The Seven E’s of Starting Anti-Racist Work

Harold Bell, Director of the Office of Career Planning and Development at Spelman College, provides a framework for asking tough questions about our own biases as a starting point for anti-racist work.

This post is written by Harold Bell, Director of the Office of Career Planning and Development at Spelman College. To discuss how career educators can begin anti-racist, please join our fireside chat on July 8 at 11am PT/2pm ET. Watch the recording here.

Many have questioned the Black Lives Matter movement by responding “All lives matter!”  This is an intellectual response to an outcry whose source of origin is the expression of excruciating pain emanating from one’s heart.  The underlying current of this painful emotion can be expressed in the statement: “Has my life become so devalued and marginalized that it doesn’t matter?” 

The reality is that Black people have been observed being maimed, abused, lynched, and executed for over 400 years.  Many whites have watched on the sidelines totally aware of what they were watching, while others have lived their lives totally unaware of the magnitude of this atrocity.

It is important to understand that before any authentic, sustainable response can be made towards this issue, the need for a thorough self-examination of one’s heart is absolutely necessary.  To assist in guiding this self-examination, a list of seven categories has been listed below to initiate this exploration.  Each category begins with the letter “E”, and is followed by a list of questions that will aid in facilitating your self-reflection. 

These questions are by no means comprehensive, and hopefully will spark others as you dive into them.  It is encouraged that you share these questions with others—such as your team—and have discussions around your responses.  This is courageous, but necessary to initiate healing, reconciliation, and reconstruction. Thank you for allowing yourself to go from comfort to discomfort to greater comfort.

Education:

How much Black History were you exposed to outside of slavery and possibly the civil rights movement? Why is Black History Month celebrated?  How many Black instructors did you have? What was your interaction with Black students in grade school and/or college? Do you know what an HBCU is? Do you know why HBCU’s were established and why they remain relevant today? Why do colleges and universities have dedicated resources to recruit Black students? What does a Black student’s enrollment at a college or university contribute, if anything?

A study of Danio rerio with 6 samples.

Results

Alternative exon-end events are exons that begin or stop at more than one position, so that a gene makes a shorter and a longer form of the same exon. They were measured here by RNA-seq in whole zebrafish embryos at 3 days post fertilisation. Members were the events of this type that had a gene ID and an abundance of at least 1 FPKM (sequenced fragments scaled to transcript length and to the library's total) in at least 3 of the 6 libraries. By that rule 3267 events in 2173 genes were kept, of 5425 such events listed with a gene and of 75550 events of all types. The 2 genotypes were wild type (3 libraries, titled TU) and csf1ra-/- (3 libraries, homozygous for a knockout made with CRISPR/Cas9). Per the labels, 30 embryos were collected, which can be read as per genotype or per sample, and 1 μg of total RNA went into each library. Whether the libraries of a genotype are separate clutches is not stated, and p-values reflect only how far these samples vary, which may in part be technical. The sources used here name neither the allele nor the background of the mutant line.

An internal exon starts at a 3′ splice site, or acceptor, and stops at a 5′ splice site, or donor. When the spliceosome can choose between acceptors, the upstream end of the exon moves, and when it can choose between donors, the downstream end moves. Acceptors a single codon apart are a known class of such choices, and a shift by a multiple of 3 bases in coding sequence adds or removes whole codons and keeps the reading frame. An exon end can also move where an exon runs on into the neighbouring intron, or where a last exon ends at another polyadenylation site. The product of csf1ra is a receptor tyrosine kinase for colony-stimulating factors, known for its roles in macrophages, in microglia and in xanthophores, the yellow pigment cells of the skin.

Exposure:

What is your frequency of interaction with Black people (work, school, neighborhood, church, etc.)? Have you ever visited a Black museum, landmark, or historical site?  Do you watch documentaries on Black people?  Have you ever participated in any formal discussions regarding the issue of race in America? How aware are you of major news stories that significantly impact Black people that aren’t high profile stories?

Experiences:

How would you describe both positive and negative experiences you have had with Black people? How have these experiences shaped your views and perceptions of Black people overall? What is the myth of “reverse racism” and do you believe it?

Ethnicity:

Do you believe the justice system in this country unfairly treats Black people? Do you understand what racial profiling is? Are Blacks hired, retained, compensated, promoted, and recognized equitably when compared with their white counterparts?  What are all these Black organizations about? Is that really necessary?  What relationship, if any, exists among white privilege, a belief in so-called “reverse racism,” affirmative action, and diversity and inclusion?

Execution:

Prior to George Floyd, were you on a conscience level aware of the number of Blacks that have lost their lives to racial profiling, and how the judicial system more times than not has failed to convict their murderer? Do you realize Black men have been executed (unlawfully) just in the last few years over jogging, playing with toy guns, walking while eating skittles, cigarettes, complying with officers during an arrest, shopping at Walmart, reaching for alleged weapons in cars that are rarely found, etc.? 

Empathy:

Can you genuinely feel the pain of Black people who have to live their lives everyday with the weight of these things on their shoulder?  Do you understand that this weight has been carried for literally hundreds of years from generation to generation? Will you sit back and continue to say nothing, do nothing, or believe nothing? Will you continue to vote people into office that clearly demonstrate unfair practices towards Black people? 

Equality:

What is white privilege?  Is it a fantasy or fact? Does everyone have equal access to opportunity? If not, why not?  If so, how?  Are you aware of the historical, consistent discrepancy between the unemployment rate and the “Black unemployment rate”? Any thoughts as to why Covid-19 has had a significant effect on Black people? Why is freedom of expression dismissed in regards to a Black player kneeling down during the national anthem? Why do others get to define the reason the players are kneeling that are contrary to the reasons the players are articulating? What exactly about America was not great prior to the election of President Trump? Was racial inequality a part of that list?

We hope you will join us for a fireside chat with Harold on July 8 at 11am PT/2pm ET to discuss how career educators can begin anti-racist work with themselves. Watch the recording here.